Posted 7 May 2015
Consumer awareness of a quality assurance scheme for soy is being explored through research by a final year Harper Adams food student.
22-year-old Sophie Seddon is exploring whether the Round Table on Responsible Soy (RTRS) standard is valuable for both industry and consumers.
The RTRS was formally established in 2006, and is a means of assuring consumers that products containing soy are produced sustainably and without the utilisation of genetic modification.
Sophie, who regularly consumes soy, also known as soya, said: “Soy is growing in popularity thanks to it being widely marketed as a healthy product through social media, being rich in calcium and B vitamins but low in fat. It’s also a good alternative for those with dairy allergies.
“But not all products are sourced sustainably. The issues of soy security and genetic modification are extremely topical at the moment and food businesses are striving to become more sustainable through their own corporate social responsibility strategies.
“My research indicates whether brand or variety has an effect on consumer behaviour and whether the RTRS logo has an effect on their purchasing habits.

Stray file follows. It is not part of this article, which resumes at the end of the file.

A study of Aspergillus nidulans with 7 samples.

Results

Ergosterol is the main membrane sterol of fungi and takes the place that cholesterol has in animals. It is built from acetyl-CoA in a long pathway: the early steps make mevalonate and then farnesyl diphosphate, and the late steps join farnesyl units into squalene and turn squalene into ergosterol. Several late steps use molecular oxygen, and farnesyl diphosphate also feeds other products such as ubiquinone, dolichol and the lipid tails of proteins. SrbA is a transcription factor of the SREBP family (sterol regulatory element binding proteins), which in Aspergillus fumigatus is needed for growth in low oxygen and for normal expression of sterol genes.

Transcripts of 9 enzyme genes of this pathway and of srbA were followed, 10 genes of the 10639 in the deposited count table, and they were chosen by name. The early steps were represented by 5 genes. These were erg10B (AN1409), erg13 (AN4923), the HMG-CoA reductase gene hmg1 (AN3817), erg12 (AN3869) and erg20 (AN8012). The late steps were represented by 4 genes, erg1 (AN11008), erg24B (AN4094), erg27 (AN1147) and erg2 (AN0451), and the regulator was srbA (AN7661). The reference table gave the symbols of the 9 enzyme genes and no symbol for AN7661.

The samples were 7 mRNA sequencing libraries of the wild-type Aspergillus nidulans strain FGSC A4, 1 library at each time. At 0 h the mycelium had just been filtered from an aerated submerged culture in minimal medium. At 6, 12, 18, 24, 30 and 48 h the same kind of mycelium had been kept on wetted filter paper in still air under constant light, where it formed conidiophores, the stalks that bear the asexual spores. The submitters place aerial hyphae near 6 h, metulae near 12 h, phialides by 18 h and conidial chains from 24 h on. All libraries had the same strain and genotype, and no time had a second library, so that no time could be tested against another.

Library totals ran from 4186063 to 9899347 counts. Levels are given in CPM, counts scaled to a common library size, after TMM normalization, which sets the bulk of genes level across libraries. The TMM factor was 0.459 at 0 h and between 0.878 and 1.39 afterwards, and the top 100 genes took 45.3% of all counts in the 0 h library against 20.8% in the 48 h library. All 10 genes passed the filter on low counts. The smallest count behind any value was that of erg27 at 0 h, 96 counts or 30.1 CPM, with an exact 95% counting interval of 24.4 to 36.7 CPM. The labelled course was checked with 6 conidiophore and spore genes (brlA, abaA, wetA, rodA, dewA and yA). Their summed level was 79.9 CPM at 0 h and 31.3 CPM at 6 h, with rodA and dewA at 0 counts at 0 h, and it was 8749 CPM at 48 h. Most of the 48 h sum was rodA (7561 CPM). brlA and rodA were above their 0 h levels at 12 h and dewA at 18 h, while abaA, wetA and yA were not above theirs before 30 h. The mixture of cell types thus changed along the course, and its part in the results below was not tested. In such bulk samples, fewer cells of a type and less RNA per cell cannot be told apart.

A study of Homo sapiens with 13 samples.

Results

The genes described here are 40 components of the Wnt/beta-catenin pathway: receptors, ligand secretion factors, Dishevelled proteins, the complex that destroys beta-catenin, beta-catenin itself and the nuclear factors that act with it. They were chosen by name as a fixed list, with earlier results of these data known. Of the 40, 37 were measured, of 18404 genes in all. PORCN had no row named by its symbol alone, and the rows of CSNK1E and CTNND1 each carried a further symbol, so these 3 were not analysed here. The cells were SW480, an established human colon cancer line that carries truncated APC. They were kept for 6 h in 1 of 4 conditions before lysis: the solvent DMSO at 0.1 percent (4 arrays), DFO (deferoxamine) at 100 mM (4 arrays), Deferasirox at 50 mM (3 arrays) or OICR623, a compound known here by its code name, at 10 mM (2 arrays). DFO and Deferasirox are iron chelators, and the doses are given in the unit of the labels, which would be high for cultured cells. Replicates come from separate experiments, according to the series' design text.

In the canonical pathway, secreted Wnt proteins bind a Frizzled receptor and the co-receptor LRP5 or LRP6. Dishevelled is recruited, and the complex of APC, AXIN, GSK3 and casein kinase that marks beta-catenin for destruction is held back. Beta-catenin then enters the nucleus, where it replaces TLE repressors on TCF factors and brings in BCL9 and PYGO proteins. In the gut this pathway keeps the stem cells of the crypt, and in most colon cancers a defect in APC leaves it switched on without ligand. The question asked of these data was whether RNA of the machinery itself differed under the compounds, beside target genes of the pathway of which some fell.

“In doing this research, I also want to raise awareness of the RTRS and broaden consumer perceptions of soy and its wide variety of uses in the food industry.”
To conduct her investigation, Sophie hosted two one-hour focus groups with both rural and urban consumers, raising issues such as RTRS logo awareness, range of products consumed and general attitudes towards soy.
Sophie, a BSc (Hons) Food, Nutrition and Well-Being student from Norwich, said: “Initial results suggest that there is a lack of consumer awareness and knowledge of the RTRS logo, but people are willing to purchase soy products regardless of the brand or variety.
“As soy is a relatively new and fashionable product, consumer knowledge perhaps isn’t quite there yet and they are therefore missing product security and the assurance logo.
“But this has shown that soy is a growing trend and that there is great potential within the UK to source sustainable soy in the future.”
For her placement year, Sophie worked for a gluten-free provider and has been interested in health foods since her teens. She enjoys baking, swimming, interior design and furniture restoration, walking and is a student ambassador for the university.
She will continue to have a passion for gluten free and healthy alternatives, however, her real interest lies within the bakery sector and new product development.
Sophie will begin a graduate role within new product development at the Village Bakery next month.